Popular Moroccan foods you must try
Moroccan food is wildly popular but also misunderstood. There is a lot more to Moroccan food than just tajine and couscous. The hardest part of experiencing Moroccan food however is that the majority of restaurants in the country cook the same things and don’t put the time, love or attention into the food that you’ll find when eating in a Moroccan persons’ home. There are quite a few popular Moroccan foods you must try when you visit Morocco and below are the dishes that will tantalize your taste buds with so many flavors and textures of exotic spices and ingredients if your trying local street food or a fine dining restaurant.
Where do you find the good stuff? Let me help!
My top three tips for finding great Moroccan food when visiting may put you outside your comfort zone but will be worth it.
- If you’re staying in a riad, have them prepare at least one meal for you and ask something not found on restaurant menus. The women who cook in riads, prepare food as they would for their families at home so if you’re seeking authentic Moroccan, this is the easiest way to find it.
- Eat in a Moroccan home. There are some tours now that offer a meal in a Moroccan home, this is almost always a good idea. You’ll be treated to a very authentic meal that will taste how it should!
- Find the Moroccans. Here’s a secret, Moroccans don’t go out to eat Moroccan food, they eat it at home. While they won’t be sitting down and tucking into a tajine they do eat street food. If you want to eat “real” Moroccan foods find little spots filled with Moroccans and follow their lead. These spots won’t look like restaurants, but trust me, this is where you want to be.
10 Things You Should Eat in Morocco
Now that you know where to get it, what should you eat? The two most obvious dishes are tajine and couscous, and yes they are two different dishes. You won’t be served couscous with your tajine. Yes, you should try them but let me share a few other ideas you may not know about.
This dish is something you’ll find only in Marrakech. It’s THE dish of the city and a must-try. The ingredients are simple; lamb meat, cumin, garlic, saffron, preserved lemon and olive oil that is all combined and slow cooked overnight in the warm ashes of an oven. The result? Meat that is falling apart and loaded with flavor.
Whenever I share this sandwich with people they shake their head when I ask if they would think of it as Moroccan food. But, it is! The meat of sardines is removed from the bone and mixed with spices and butter, formed into balls and grilled. The meatballs are stuffed into bread along with olives, harissa (hot pepper sauce), raw onions, tomatoes and a bit of salted butter on the bread. The perfect street food.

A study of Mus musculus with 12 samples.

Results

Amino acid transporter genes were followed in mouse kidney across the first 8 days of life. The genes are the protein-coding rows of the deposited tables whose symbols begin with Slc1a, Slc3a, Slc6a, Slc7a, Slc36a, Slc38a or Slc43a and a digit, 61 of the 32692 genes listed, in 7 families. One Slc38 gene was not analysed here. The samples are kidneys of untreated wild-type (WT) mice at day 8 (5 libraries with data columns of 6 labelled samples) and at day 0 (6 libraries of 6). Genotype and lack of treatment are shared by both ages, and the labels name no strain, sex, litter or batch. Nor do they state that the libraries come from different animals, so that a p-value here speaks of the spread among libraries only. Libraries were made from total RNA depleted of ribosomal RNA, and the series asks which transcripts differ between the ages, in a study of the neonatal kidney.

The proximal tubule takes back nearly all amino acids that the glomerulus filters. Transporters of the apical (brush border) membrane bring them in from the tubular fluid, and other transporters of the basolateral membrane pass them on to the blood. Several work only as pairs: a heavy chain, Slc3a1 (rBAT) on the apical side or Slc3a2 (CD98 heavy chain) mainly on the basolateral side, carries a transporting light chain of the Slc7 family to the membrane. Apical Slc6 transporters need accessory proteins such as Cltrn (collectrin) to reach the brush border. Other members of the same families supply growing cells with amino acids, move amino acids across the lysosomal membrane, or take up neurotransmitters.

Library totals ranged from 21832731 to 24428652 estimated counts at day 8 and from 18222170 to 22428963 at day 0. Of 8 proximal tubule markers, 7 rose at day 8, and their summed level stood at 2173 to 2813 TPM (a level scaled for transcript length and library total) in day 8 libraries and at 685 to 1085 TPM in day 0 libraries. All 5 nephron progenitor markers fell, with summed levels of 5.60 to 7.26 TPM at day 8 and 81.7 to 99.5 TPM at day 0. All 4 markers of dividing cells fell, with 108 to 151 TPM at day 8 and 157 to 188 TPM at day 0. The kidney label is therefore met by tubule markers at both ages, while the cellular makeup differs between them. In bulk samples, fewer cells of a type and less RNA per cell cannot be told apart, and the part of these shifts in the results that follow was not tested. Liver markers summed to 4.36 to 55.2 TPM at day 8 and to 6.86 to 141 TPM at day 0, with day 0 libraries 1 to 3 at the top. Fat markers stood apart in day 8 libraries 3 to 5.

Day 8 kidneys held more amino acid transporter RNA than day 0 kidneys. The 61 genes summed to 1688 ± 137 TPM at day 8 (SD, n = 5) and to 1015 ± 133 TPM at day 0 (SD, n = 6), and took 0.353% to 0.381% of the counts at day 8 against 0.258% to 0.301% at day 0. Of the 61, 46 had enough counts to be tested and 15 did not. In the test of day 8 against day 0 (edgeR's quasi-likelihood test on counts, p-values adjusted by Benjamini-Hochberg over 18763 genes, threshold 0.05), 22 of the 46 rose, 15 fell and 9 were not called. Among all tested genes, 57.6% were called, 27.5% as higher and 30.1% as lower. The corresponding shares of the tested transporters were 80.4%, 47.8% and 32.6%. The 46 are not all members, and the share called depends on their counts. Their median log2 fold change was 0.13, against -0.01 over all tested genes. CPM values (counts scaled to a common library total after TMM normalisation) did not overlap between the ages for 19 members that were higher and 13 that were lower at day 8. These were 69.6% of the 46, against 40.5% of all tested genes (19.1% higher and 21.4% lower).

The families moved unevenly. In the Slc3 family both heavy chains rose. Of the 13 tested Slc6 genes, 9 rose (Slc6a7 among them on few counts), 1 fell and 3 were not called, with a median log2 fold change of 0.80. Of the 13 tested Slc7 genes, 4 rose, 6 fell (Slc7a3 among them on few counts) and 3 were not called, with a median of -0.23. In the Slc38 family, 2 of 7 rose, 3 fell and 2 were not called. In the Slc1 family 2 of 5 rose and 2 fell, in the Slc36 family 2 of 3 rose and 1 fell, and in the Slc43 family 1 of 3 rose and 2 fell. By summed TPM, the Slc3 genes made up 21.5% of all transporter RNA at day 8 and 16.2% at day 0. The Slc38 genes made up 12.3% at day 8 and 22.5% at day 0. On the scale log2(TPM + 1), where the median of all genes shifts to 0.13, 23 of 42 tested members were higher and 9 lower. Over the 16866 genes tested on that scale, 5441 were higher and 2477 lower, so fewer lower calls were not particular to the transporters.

You won’t be able to avoid eating a msemmen, sometimes called a crepe or pancake but really not either. These flaky flat breads are a favorite. The sweet version is commonly found at breakfast but in the evenings a savory version hits the griddles. Filled with onions and spices, and made with a generous amount of butter and oil it’s something to remember.
You will be a little hard pressed to find this during warmer months but in winter it’s everywhere. This is a soup or a dip depending on who makes it. Made with dried fava beans that are cooked until soft and blended with water, cumin and olive oil it’s a healthy way to start the day. When served you can add more olive oil to the top, cumin and/or paprika as well.
Loubia and Addis
Loubia means bean and addis means lentil and these two vegetarian dishes are very common in Moroccan homes but rarely found on restaurant menus. Both are made by slow cooking the beans with spices and liquid. The beans are cooked until they are completely soft and eaten by scooping up with bread.
Every culture has its version of slow cooked whole animal and Morocco is no different. Mechoi is cooked by roasting an entire sheep over low heat in a clay or underground oven. The meat is not spiced or treated in anyway. After it is cooked, it is served with salt and cumin to be seasoned by the person eating.
A Moroccan Salad Course
I couldn’t choose a single salad so I choose them all! Moroccan salads are not the green salads you may be accustomed to. They are almost all cooked salads. With a main dish 2-3 salads are typically served however if you go to a nicer restaurant you may discover an entire course that is just salads. Because they are served in small portions it’s very easy to try several at one time.
Sadly, you’ll never find this on a restaurant menu so it’s a great dish to ask your riad to make! Rfisa is commonly prepared after a woman has a baby because it’s full of protein to help her regain her strength. The base of the dish is shredded msemmen and then topped with cooked lentils and chicken, that is spiced with fenugreek, saffron and other typical Moroccan spices. It is delicious!
Morocco has its own version of yogurt called raib. Traditioanlly it is made with a natural thickener found in a thistle that grows in the mountains of Morocco. But, don’t worry you can’t taste it at all and most raib today isn’t made the traditional way. It’s sold sweetened or unsweetened.
Avocado and Almost Smoothies
A mid-afternoon snack is very common and seeing cups full of a green thick liquid can’t be avoided. Inside is a smoothie made with avocado, almonds and milk. It is sometimes sweetened with sugar or even chocolate syrup but you can ask for this to be held. The taste isn’t for everyone but it’s worth a try!
This is a small look at Moroccan food but I hope that it opens up what some of the unique options are that people rarely see outside the country.